There’s just no substitute for success.

Many Wisconsin athletic programs enjoyed memorable seasons thanks to renewed success, as both the football and basketball teams shined bright for the university in the national spotlight many times. Pasadena, the Sweet Sixteen; these trips brought Bucky a revamped swagger.

But there’s another squad from Wisconsin that went the way of the state motto in 2011.

Anyone fortunate enough to wander down to a game at Goodman Diamond this past spring witnessed the softball program take a giant leap forward, as first year head coach Yvette Healy guided the program to its first 30-win season since 2005. Healy’s squad reached the mark through a homestand sweep of Ohio State in May, as the Badgers’ run ruled the Buckeyes in both games.

The Badgers earned 10 more wins than the previous year, marking the second-largest improvement in Wisconsin history. For Healy, this season was one of her personal favorites.

“This year was one of my most enjoyable years coaching college softball,” Healy said. “I attribute that to the amazing coaches and staff at Wisconsin. All of the head coaches did an amazing job reaching out to our staff and team, sharing ideas and strategies for success. (Assistant coaches) Randy Schneider and Tracie Adix did an amazing job running the program, keeping things organized, intense and fun, all at the same time.”

Perhaps what made the season unique for the Badgers was the age of the team. Healy took over a team with 14 of 19 spots filled by underclassman.

Healy approached the season looking for gradual improvement, but instead found instant results. Freshman Cassandra Darrah emerged as an ace on the mound for Wisconsin, posting 16 wins and an earned run average under 3.00. Healy also helped three Badgers earn All-Big Ten honors, with senior Jennifer Krueger named to the third team, freshman Mary Massei the second team and junior Karla Powell to the first team. Powell became just the third Badger ever to be named to the first team.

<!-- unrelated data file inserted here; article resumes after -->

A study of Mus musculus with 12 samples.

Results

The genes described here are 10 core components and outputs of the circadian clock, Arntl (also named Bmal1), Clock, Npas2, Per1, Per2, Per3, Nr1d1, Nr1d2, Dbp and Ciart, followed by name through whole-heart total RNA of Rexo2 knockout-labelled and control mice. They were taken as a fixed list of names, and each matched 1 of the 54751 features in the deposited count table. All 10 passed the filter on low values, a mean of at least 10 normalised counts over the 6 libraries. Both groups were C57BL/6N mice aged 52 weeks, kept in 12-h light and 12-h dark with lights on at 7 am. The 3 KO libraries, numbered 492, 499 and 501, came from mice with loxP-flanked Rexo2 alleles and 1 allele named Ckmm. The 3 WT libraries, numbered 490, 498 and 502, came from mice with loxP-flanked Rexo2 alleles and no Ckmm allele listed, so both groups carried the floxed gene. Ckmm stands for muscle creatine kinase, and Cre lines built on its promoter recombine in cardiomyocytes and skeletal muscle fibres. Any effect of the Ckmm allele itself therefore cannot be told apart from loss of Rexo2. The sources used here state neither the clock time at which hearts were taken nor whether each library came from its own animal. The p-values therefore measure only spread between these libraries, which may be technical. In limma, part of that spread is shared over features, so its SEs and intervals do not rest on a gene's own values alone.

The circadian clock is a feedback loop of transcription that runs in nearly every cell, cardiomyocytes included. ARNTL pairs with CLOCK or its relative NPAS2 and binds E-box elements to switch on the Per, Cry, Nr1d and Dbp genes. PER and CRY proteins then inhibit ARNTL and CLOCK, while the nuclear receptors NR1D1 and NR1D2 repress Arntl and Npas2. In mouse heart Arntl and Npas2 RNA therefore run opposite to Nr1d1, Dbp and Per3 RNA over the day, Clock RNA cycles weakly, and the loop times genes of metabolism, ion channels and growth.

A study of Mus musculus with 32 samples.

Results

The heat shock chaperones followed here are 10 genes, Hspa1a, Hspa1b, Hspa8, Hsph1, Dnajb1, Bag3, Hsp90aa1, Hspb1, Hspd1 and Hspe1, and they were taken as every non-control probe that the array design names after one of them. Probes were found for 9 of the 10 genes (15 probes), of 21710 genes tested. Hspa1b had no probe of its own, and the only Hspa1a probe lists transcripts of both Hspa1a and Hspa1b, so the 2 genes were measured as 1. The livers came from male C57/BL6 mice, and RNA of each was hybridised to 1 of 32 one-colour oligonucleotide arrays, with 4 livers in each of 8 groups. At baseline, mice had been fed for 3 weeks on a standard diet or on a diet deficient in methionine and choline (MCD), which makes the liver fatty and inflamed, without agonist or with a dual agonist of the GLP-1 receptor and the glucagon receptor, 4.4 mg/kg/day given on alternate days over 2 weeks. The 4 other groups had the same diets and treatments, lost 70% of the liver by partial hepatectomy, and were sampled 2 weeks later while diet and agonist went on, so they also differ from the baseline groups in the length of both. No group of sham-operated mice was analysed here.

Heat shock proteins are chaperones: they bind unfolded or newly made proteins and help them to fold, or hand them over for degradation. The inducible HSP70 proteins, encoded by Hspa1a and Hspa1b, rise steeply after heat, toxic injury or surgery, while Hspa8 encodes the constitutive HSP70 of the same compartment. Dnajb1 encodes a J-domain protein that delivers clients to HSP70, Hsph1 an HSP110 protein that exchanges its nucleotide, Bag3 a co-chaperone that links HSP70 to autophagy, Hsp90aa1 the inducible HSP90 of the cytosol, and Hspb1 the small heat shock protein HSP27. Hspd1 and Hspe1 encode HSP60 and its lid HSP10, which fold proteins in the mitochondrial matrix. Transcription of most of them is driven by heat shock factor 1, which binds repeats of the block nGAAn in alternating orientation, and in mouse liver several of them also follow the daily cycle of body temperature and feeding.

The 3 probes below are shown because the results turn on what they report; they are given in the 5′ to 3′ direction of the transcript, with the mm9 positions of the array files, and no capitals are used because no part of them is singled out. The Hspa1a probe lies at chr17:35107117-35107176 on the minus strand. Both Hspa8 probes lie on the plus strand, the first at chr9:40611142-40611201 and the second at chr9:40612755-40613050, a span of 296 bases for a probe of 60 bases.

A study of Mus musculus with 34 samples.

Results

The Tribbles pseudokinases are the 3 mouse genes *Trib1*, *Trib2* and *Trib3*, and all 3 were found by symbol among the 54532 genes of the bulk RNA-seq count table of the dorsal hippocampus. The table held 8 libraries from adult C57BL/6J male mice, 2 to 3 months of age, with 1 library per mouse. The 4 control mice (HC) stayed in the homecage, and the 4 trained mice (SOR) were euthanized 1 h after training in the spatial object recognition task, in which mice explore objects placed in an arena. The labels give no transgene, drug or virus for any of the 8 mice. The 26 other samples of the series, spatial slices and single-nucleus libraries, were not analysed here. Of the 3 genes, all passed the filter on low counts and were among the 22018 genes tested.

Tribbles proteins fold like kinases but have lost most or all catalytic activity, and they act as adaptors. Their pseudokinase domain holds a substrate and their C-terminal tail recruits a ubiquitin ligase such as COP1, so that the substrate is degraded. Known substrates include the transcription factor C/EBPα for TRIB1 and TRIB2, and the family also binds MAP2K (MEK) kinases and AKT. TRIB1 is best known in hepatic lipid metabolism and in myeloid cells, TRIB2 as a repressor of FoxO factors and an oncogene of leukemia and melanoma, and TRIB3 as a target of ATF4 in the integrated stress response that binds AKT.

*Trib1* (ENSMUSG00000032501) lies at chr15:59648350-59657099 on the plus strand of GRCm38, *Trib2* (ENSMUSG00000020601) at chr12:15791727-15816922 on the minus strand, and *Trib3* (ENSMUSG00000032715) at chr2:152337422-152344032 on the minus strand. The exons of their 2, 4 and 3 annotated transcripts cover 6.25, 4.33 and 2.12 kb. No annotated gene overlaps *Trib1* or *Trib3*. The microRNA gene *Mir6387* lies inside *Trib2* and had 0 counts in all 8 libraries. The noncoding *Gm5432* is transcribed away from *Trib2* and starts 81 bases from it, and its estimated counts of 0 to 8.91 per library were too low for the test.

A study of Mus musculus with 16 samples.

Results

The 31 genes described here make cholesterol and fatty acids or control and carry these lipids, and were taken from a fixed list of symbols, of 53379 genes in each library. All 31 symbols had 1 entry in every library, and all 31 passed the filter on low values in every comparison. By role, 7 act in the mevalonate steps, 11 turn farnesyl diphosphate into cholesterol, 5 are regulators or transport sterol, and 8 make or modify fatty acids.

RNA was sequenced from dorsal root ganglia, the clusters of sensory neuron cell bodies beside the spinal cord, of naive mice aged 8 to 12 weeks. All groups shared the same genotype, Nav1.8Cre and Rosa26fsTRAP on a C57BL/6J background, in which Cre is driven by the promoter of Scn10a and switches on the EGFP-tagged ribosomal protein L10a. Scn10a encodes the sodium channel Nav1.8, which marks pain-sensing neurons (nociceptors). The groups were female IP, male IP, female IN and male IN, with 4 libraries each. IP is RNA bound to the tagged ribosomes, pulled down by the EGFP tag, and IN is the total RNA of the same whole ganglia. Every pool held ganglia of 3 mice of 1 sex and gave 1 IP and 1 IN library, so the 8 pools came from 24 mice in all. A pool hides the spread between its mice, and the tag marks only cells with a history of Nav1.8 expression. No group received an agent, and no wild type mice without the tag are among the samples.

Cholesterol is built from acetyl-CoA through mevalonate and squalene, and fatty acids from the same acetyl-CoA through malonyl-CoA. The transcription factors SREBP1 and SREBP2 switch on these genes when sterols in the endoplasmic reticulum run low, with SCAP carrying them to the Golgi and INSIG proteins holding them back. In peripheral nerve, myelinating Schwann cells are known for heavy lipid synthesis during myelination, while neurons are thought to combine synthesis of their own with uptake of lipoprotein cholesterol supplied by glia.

“I expected to get a little better everyday,” Healy said. “We really focused on improvement and the journey of taking pride in doing things the right way, working hard and leaving everything we had on the field. The team bought in, battled and played extremely hard for us.”

One of the important holes to be filled next season will be the void left by graduated senior Krueger, who besides being a leader and veteran of the program, led the team in hits. Krueger set the Wisconsin single-season record for hits in her final game as a Badger, slapping a single in the second inning against Ohio State.

Healy knows the speedy slugger, who also set a Badger record for career stolen bases, will be missed.

“You can’t replace a talent like Jen with just one athlete,” Healy said. “Her speed and leadership will be missed. I am very excited to see who has the hunger and passion to emerge as a leader at the top of our lineup.”

The Badgers will return all but three members of their roster, positioning themselves to expand on their success and be a major threat in the Big Ten next spring. Healy knows her club will have to stay hungry and motivated to replicate what they achieved this season.

“Our biggest challenge will be to maintain the energy, excitement and focus that our team displayed this season,” Healy said. “It takes a tremendous amount of discipline and maturity to sustain the kind of energy and momentum we created this season. I think our athletes have a tremendous amount of pride for getting this program on track and accomplishing a 30-win season.”

Healy hopes to accomplish this by continuing to add talent to her roster, providing a constant competition for playing time.

“We will raise the level of competition each year by recruiting some of the top athletes in the country and infusing talent into the program,” Healy said. “Character will be tested by how each member of the team reacts to competition. The best leaders thrive in competitive challenging environments.”

“These next few years will test and hopefully build character and leadership within the softball family,” Healy added. “Our current athletes will certainly need to embrace the challenges of competition as we grow as a program.”

The journey toward cementing a winning tradition at Wisconsin continues for Healy and her staff, as the coaches’ summer to-do list is longer than a Madison summer day.

“Sometimes we’re on the road Tuesday to Friday recruiting 12-14 hour days in Colorado, Arizona, California or Chicago,” Healy said. “When we’re in Madison, we’re running camps and spending days with our best recruits and their families touring campus and selling Wisconsin.”

“My favorite days are filled with film breakdown, creating new drills, strategizing how to make our current team as good as possible while identifying weaknesses in our opponents,” Healy added. “We are 100 percent committed to helping our current student athletes maximize their talents and reach their goals. Its fun to spend hours brainstorming how to make our infield’s range better, or how to improve overall athleticism in our current group. We can’t wait to help make them even better.”